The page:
Tuesday, March 19, 2013

Country Driveways

Our driveway is ¼ of a mile long. From the road, it goes down a hill, through a woods and then up a hill to our house. In the spring, tiny purple violets bloom in drifts along the edge of the gravel. In the summer, leaves arch over the drive, creating a green shadowy tunnel. In late autumn, the rising and setting sun glows through the bare branches on either side. Winter brings ice and snow drifts, which are also beautiful but often inconvenient to the people using the driveway. Our upper driveway is open to the winds in three directions – west, north, and east – perfect for drifting snow. Once we’ve had a snow and cleaned the driveway, we begin the endless job of opening drifts. The more snow and wind we have, the more often we have to clean the drifts. Even a day with no snow fall can fill our driveway with feet of blown, drifted snow.

Last winter we had so little snow that we never even hooked the snow blower to the tractor. This winter is different. Dave and I have been snowed in for five days already. Kate, the friend who house sat for us while we were visiting grandchildren, was snowed in twice. She called a friend with a plow and he kept the driveway clean while we were gone.

Just having a clean driveway is not always enough. When our kids were teen agers, they learned how to drive up and down the driveway without getting stuck. You don’t back up too far when turning around at the house. You keep to the middle of the driveway when driving up or down. You drive up the slopes in first gear, as fast as possible.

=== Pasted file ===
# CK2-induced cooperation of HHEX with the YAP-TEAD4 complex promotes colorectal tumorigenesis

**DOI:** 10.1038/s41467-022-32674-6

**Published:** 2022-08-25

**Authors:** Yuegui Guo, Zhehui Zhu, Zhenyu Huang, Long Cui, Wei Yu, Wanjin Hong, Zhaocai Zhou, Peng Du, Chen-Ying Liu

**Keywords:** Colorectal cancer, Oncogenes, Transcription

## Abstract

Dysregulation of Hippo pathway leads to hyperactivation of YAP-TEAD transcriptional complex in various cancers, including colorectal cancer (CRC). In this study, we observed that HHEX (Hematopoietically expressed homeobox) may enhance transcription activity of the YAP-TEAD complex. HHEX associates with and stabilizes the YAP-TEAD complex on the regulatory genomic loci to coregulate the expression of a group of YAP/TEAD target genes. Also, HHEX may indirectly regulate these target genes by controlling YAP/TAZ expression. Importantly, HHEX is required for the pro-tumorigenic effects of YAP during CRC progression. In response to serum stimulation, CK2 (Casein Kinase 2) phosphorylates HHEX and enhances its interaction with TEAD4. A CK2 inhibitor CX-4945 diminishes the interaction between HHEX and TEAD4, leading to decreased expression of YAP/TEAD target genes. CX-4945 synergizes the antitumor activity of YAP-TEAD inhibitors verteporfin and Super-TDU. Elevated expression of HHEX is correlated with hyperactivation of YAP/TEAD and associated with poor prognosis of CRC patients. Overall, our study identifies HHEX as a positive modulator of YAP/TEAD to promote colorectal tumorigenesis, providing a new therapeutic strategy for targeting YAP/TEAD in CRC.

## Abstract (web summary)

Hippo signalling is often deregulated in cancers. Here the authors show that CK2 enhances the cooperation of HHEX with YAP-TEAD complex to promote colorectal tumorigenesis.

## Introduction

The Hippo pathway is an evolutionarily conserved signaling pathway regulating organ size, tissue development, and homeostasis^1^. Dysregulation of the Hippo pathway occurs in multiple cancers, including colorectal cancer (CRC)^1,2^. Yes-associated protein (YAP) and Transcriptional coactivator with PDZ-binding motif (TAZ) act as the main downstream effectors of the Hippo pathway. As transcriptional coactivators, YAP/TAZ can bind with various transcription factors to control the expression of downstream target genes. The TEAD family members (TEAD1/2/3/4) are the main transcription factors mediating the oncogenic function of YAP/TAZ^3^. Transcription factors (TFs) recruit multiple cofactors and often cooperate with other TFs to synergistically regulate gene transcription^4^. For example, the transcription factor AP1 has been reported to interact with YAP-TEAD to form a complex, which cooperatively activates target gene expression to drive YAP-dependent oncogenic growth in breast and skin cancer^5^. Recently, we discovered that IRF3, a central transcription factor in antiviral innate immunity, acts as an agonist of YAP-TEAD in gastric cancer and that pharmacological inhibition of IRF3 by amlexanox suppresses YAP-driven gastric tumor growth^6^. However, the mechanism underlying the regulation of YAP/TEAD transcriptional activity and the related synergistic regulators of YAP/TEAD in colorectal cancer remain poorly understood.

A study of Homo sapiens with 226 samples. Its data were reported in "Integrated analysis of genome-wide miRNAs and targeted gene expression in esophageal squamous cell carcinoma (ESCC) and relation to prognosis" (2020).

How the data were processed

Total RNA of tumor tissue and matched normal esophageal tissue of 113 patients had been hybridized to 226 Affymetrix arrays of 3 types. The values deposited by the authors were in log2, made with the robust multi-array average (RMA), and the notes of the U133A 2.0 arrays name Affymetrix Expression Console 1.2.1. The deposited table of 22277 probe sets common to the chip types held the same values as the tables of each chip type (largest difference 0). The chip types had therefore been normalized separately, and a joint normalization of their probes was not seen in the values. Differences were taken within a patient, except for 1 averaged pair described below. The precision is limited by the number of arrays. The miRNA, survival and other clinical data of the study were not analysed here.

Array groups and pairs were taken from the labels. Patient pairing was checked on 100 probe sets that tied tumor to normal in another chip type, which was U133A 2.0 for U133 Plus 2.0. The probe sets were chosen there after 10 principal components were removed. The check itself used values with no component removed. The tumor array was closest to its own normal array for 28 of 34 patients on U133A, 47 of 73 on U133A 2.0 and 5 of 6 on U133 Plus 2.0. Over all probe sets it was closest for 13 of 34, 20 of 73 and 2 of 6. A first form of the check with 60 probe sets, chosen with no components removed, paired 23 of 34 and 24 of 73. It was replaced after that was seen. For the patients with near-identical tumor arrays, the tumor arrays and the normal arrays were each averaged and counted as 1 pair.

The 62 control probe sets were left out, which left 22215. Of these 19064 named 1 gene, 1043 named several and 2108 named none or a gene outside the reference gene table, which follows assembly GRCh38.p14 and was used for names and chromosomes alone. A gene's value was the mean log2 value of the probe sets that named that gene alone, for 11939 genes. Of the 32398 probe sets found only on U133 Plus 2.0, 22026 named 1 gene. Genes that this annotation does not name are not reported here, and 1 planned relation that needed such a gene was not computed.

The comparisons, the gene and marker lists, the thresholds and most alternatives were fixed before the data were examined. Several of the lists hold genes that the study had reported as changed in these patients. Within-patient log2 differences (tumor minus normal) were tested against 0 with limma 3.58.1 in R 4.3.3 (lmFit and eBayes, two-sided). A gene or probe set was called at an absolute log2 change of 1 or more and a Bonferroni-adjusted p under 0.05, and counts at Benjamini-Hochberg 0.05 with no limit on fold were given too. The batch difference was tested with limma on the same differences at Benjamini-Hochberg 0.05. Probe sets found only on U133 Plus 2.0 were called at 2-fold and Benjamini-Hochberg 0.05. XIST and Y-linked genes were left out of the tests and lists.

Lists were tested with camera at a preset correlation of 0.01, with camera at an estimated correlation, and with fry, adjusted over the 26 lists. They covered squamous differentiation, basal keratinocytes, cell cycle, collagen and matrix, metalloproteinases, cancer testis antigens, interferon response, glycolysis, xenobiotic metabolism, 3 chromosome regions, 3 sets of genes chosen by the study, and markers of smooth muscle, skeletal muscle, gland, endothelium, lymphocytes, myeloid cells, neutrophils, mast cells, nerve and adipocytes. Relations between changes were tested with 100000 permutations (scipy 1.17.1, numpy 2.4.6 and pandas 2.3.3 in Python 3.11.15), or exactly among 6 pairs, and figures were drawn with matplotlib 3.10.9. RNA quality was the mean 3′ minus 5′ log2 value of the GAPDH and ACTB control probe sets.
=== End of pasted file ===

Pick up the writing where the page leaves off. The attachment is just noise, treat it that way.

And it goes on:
Their friends frequently got stuck. We’d pull out the shovels, scatter wood ashes under car wheels and teach people how to push a car out of the snow – accelerate slowly, don’t spin your wheels, rock the car back and forth, and push, push, push harder.

Now we have a new American, an immigrant, who feeds our sheep when we’re gone. Hashi ran his car off the driveway at least twice. It’s not surprising; he’s only been here for three winters and the last one had almost no snow. He drove in Somalia but not in snow.  Last week he called me from the trees off the edge of our drive. I couldn’t imagine explaining to him where to find  the ashes and how to spread them under his wheels, how to push a car, or even how to accelerate correctly; so I gave him the names and phone numbers of several local car towing agencies. After two weeks he had conquered the snow on our country driveway or at least he hadn’t gotten stuck.

Yesterday, our driveway was again full of snow. Thigh high drifts crossed and re-crossed it. Newton and I spent ten minutes clambering up the drifts to the road and back down again. Dave had the drive way blown free by 1:30. It looked clear and open, with high banks on either side. When a delivery person called to ask about passability, I told her it was fine. The driveway was fine, but the driver hadn’t been trained by Dave or I to turn around at the house. So we got out the shovels and the ashes and then, with our fingers crossed, sent her up the driveway again.  I’m sure we don’t have the only county driveway.